By   /   February 6, 2014  /   No Comments

Crowdfunding has really been making a name for itself in the past couple of years, with websites such as Kickstarter making the headlines as the trend picks up the pace. Indiegogo, Kickstarter and Quirky are just three examples of this new type of equity fund, which came into public consciousness in about 2006.

Parallels have been drawn between the idea of crowdfunding and private equity, with one obvious difference: scale. Private equity firms deal in the millions or billions of dollars, and whilst crowdfunding campaigns can raise significant funds, the difference in the type of investor is key.

Contributors to private equity are often institutional investors, such as banks and pension funds, who invest large quantities of money in singular transactions. Crowdfunding targets the individuals, who invest small amounts, but on a large enough scale to create a cumulatively large pool of money. Often, private equity funds will not consider investors with firms with a value of less than $10 million, whereas crowdfunds can consider equity from 1 cent upwards.

PrintrBot, a project funded by Kickstarter

PrintrBot, a project funded by Kickstarter

However, there are also smaller scale differences that separate private equity and crowdfunding. These include the type of products targeted. For example, private equity firms often focus on particular industries and their products, such as the mining sector and raw mined materials, which will sell for a large sum if their producing companies are bought out and later sold.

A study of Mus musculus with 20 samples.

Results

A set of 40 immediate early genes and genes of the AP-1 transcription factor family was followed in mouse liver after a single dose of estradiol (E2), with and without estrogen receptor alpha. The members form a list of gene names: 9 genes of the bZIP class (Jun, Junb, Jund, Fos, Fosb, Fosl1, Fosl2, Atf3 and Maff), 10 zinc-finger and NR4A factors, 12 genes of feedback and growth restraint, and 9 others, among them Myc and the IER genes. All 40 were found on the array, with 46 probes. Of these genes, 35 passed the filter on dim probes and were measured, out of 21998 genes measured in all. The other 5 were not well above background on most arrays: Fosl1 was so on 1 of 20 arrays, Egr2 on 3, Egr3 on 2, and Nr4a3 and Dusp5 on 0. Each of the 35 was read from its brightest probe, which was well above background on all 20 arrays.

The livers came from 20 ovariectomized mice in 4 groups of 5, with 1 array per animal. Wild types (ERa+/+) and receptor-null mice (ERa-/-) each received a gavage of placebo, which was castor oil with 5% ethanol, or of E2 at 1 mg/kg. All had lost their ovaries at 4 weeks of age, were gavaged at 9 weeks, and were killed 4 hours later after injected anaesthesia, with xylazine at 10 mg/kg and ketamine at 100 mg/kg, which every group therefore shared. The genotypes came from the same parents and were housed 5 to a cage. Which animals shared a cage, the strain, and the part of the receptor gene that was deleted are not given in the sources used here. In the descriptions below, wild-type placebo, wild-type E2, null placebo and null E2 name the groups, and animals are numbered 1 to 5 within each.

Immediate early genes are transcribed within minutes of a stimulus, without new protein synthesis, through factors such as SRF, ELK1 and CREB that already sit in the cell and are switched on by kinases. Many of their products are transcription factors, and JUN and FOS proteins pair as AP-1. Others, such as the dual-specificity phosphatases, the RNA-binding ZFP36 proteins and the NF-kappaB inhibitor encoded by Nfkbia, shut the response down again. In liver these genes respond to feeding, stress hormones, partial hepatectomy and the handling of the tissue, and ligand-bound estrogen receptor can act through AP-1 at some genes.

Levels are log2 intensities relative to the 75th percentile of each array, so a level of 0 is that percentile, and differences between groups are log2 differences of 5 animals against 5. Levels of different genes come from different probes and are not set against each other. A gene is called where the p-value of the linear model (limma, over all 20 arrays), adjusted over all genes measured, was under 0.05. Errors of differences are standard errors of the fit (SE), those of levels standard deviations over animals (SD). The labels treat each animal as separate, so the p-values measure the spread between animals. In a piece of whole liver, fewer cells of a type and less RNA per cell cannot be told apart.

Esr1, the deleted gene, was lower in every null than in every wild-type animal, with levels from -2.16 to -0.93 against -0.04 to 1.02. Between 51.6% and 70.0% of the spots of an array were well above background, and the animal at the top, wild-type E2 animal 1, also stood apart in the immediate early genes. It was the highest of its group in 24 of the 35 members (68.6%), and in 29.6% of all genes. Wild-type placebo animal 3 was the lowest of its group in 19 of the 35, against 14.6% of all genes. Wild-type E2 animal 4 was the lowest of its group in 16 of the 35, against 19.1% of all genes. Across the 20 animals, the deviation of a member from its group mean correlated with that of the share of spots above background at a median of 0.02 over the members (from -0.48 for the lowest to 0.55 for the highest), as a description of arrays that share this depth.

Crowdfunding, however, can be instigated for a wide variety of products or services. Social projects, such as charitable endeavours, are only one of the many types of concepts that attract investment; rather than donating, investors put money into a particular project’s budget. Of course, this style of investment can extend to anything that can be monetised: a new novel, an album, a game, a housing project.

The dividends are also quite distinct. Private equity funds make money for clients, but crowdfunding often sets goalpost rewards for donating money to the project. For example, if the project is a new design for an eco-friendly water filtering system, a prototype might be sent to the investors. A band might release a song from their album to incentivise investors to donate more money. The result is not so much a monetary gain, but a societal one.

After consideration, crowdfunding can be described as just a novel way of generating private equity; however, the methods utilised and the resulting dividends are entirely different. It focuses on the individual, making it more appealing for the general layman, but its business model is something the financial industry might just consider adopting.